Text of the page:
Ruth Langsford has opened up about how ‘hard’ parenting a teenager is.
TV presenter Ruth Langsford, 56, who is famously married to broadcaster Eamonn Holmes, also 56, has been speaking about the trials of bringing up a teenage boy.
The couple, who regularly present This Morning as a duo, have one child together – 14-year-old son Jack. And it looks like Ruth is struggling with her son growing up, just like many of us with teenage children!
We’re sure Ruth’s words will resonate with mums around the country as she speaks about the changes experienced when your child develops into a teenager. In an article for the Mirror Ruth says, ‘It’s certainly not easy parenting a teenager – it’s a new area I am nervous about. Jack and I have a good relationship, but he spends less and less time with me.’
Saying that Jack is ‘not completely embarrassed’ to be seen with her Ruth goes on to explain how her and Eamonn often play ‘good cop, bad cop’ with her coming out as the disciplinarian.
Touching on another common gripe of modern mums Ruth says she worries about all the technology available to Jack and admits that he’s not allowed a lock on his phone, and that he knows she ‘will be looking at it at any time’.
On dealing with the topic of sex, Ruth is refreshingly open. She says she has ‘a policy where if Jack asks something’, she will answer, ‘with an age-appropriate answer.’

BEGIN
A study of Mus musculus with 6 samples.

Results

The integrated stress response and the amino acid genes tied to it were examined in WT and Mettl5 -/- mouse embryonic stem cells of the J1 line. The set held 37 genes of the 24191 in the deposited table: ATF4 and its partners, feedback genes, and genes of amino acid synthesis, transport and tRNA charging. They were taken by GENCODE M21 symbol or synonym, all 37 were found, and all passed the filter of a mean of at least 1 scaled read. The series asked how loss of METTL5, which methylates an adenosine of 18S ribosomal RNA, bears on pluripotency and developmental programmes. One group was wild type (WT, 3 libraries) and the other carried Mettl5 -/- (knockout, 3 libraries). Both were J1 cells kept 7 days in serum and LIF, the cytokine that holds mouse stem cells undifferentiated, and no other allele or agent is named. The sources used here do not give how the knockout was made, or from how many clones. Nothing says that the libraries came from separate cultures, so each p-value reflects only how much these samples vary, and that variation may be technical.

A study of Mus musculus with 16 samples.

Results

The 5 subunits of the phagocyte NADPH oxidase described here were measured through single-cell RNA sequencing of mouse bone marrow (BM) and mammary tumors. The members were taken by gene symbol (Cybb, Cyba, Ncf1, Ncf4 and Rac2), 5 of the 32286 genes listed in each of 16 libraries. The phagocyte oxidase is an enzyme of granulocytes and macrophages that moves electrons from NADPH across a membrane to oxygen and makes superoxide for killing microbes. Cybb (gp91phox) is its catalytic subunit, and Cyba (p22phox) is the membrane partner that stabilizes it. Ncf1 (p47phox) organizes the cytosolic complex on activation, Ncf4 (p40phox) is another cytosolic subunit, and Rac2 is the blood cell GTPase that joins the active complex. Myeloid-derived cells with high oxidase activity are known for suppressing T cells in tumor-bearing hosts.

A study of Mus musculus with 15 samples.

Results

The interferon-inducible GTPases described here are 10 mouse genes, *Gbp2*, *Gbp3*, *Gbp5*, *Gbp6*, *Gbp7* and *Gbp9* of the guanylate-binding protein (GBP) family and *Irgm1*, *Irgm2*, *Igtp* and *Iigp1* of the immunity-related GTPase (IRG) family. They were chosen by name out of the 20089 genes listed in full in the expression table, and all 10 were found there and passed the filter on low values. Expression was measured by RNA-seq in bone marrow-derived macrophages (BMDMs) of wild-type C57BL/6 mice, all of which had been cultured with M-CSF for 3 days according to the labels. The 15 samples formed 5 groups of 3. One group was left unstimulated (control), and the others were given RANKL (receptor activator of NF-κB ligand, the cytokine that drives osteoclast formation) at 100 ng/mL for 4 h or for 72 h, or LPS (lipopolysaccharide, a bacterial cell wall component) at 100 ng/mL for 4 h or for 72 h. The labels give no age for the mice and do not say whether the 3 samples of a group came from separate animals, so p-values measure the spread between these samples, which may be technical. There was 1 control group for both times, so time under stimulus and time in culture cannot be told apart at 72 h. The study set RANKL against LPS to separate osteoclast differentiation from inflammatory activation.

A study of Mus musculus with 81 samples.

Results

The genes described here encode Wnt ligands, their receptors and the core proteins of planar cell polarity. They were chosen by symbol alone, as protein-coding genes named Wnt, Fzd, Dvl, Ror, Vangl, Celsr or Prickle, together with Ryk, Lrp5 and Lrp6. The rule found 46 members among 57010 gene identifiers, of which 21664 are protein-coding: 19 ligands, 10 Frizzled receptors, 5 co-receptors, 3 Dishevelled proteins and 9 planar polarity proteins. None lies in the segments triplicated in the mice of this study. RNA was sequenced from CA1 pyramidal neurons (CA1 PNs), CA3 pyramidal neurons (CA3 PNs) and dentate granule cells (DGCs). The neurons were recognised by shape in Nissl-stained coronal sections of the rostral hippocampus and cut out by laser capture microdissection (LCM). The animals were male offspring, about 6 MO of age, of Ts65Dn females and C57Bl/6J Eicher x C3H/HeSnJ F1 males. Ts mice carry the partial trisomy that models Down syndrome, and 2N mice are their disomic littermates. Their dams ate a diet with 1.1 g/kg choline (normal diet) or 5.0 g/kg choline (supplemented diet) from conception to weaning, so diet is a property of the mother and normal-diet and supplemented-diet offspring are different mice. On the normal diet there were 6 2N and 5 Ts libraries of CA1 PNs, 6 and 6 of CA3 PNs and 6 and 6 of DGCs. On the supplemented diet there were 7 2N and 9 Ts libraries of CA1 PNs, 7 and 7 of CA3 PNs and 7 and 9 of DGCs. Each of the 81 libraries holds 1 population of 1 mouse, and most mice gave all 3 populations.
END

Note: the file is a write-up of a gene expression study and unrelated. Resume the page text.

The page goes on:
And she’s found a way of talking about sex in a non-personal way, too. Perhaps taking after his presenting parents, Ruth tells how Jack is very interested in the news, which has stimulated conversations around serious topics in a ‘great way’.
She says, ‘He and I have talked about all sorts of things – rape, consent … I think it’s a great way to do this as it’s not so personal and it’s important you are honest with your children.’
Going back to the internet, Ruth admits that she speaks openly about porn with Jack, but that Eamonn’s ‘default setting’ on the subject is to get embarrassed.
The mum of one continues by saying, ‘We had an interesting discussion about pornography the other day because something was on the radio about a study on the number of 11-year-old boys who watch porn.
‘I told him: “It’s not real and people get paid to take part in these kind of films. Please don’t assume every girl you meet will be happy to do a lot of the stuff you might see.”
‘I definitely wouldn’t sit and watch porn with him but when boys are 14, it’s a natural thing for them to want to know about sex.’
She finishes off her piece for the Mirror by saying ‘The difference is when we were young, the worst boys could do was look at lads’ mags. But now you know the stuff that’s out there and you can’t protect them from it.’